Plane in the lagoon at Orona

Discussion about wrecks and losses as well as historic sites in the Pacific.


Post by Tom Maxwell » Fri Oct 04, 2019 12:41 pm

Those arguments conclude that the Jaluit dock photo could not have been taken from the dock in use in 1935 (the old German dock) and the photo is post 1936- after Robert Reimer built the dock for the Japanese at it's current location in 1936. The trees of the coconut plantation in the photo on the horizon can only be seen from the 1936 dock. Earth curvature prevents any trees being seen from the old (1935) dock as the distance across the atoll lagoon is to great.

Post by Tom Maxwell » Fri Oct 04, 2019 1:05 pm

RS was looking for more dock photos. Another old dock photo has been located by the Nikumaroro research group in the ONI files of the archives. It is from the Vanderbuilt collection of 1928 during a world cruise by the Vanderbuilt yacht as it visited Jaluit. The research group uses that 1928 photo with confused logic to further discredit the authenticity of the Jaluit dock photo . They must not have read the annotation of that 1928 photo--"facing 32 degrees". In my opinion, "Facing 32 degrees" makes that a positive identification of the German (1935) dock as seen in the two images below. When one faces 32 degrees anywhere near the current 1936 dock location, the camera points far away from that dock.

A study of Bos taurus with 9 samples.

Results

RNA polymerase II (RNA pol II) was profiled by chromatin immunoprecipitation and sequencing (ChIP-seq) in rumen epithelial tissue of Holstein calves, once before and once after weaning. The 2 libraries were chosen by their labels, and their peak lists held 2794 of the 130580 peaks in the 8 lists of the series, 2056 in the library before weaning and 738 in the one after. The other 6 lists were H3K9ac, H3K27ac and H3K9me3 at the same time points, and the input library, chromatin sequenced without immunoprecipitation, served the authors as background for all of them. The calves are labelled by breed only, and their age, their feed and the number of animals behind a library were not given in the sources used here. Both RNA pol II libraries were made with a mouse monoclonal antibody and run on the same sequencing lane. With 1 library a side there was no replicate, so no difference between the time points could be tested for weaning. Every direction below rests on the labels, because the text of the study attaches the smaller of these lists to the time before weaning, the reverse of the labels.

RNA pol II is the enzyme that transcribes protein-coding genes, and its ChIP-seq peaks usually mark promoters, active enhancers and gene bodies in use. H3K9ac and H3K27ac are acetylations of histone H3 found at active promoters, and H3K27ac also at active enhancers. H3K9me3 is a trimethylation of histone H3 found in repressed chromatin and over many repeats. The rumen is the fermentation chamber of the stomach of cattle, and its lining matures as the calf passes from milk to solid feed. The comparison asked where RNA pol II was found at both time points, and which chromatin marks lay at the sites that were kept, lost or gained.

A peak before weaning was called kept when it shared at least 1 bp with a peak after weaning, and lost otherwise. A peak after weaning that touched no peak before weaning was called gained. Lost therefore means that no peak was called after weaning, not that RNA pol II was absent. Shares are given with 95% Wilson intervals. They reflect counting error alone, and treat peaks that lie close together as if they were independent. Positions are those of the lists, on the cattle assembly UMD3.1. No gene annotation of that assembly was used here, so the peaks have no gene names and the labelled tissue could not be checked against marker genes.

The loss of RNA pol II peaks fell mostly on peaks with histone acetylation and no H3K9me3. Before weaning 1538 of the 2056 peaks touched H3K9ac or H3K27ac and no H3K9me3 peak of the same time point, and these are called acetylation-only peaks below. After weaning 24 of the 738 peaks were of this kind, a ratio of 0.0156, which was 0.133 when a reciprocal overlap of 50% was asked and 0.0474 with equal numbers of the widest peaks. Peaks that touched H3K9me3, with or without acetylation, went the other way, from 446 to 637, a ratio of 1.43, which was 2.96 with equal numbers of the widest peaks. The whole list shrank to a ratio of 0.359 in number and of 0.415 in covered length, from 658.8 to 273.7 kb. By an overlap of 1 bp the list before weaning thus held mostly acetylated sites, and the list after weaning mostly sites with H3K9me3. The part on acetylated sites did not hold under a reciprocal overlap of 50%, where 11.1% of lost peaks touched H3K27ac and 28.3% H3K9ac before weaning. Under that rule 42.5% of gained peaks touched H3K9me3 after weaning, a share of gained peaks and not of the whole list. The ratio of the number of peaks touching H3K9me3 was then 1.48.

Joined: Wed Feb 03, 2016 11:54 am

Post by Tom Maxwell » Wed Oct 16, 2019 12:47 pm

The documentation of this event at Jaluit was in place decades before the Les Kinney/ONI photo was found in the archives. Fred Goerner CBS reporter and AE mystery investigator interviewed Marshallese citizens in the 1960's; the verbal history of these witnesses reflect something very near to what is found in the image. Later in the 1980's Bill Prymark, another AE investigator, found the same exacting information about this event from others including the history of the dock construction from Robert Reimer, the man who's Marshallese company built the dock in 1936. I worked at Kwajalein in 1987 when the stamps that commemorates the event were issued by the Marshall Islands government. The local population and Americans who had close ties to Marshallese families repeated the same history. Perhaps the stamps and all these people are wrong, but they tell a consistent story over the decades.

Many details of the image fit the oral history. Some subjective speculation follows. Fred's right leg is injured and bound to the pole that he clutches ; the Marshallese (witnesses) matriarch intently studies the injured leg. One of the stamps depicts a dressing tie just above Fred's right knee as can be seen in the dock photo. The doctor looks directly at the camera. Bilimon Armaron, the Japanese/Marshallese who helped the doctor fix Fred's leg, stands nearby. He, with a headband only, and the Marshallese witnesses to the "spy" rescue/capture all are normally bareheaded. The two light skinned persons AE and FN are without hats or parasol- a very unusual circumstance as all visitors would have normal dress with hats and long sleeves. The Japanese secret place posing as fishermen/rescuers all wear hats as would be expected. Billion and the Marshallese elders and other witnesses later submit their oral history for the creation of the commerative stamps. Amelia sits to the right in a favored short sleeve of her own design with extra length in the back to prevent exposure when bending forward.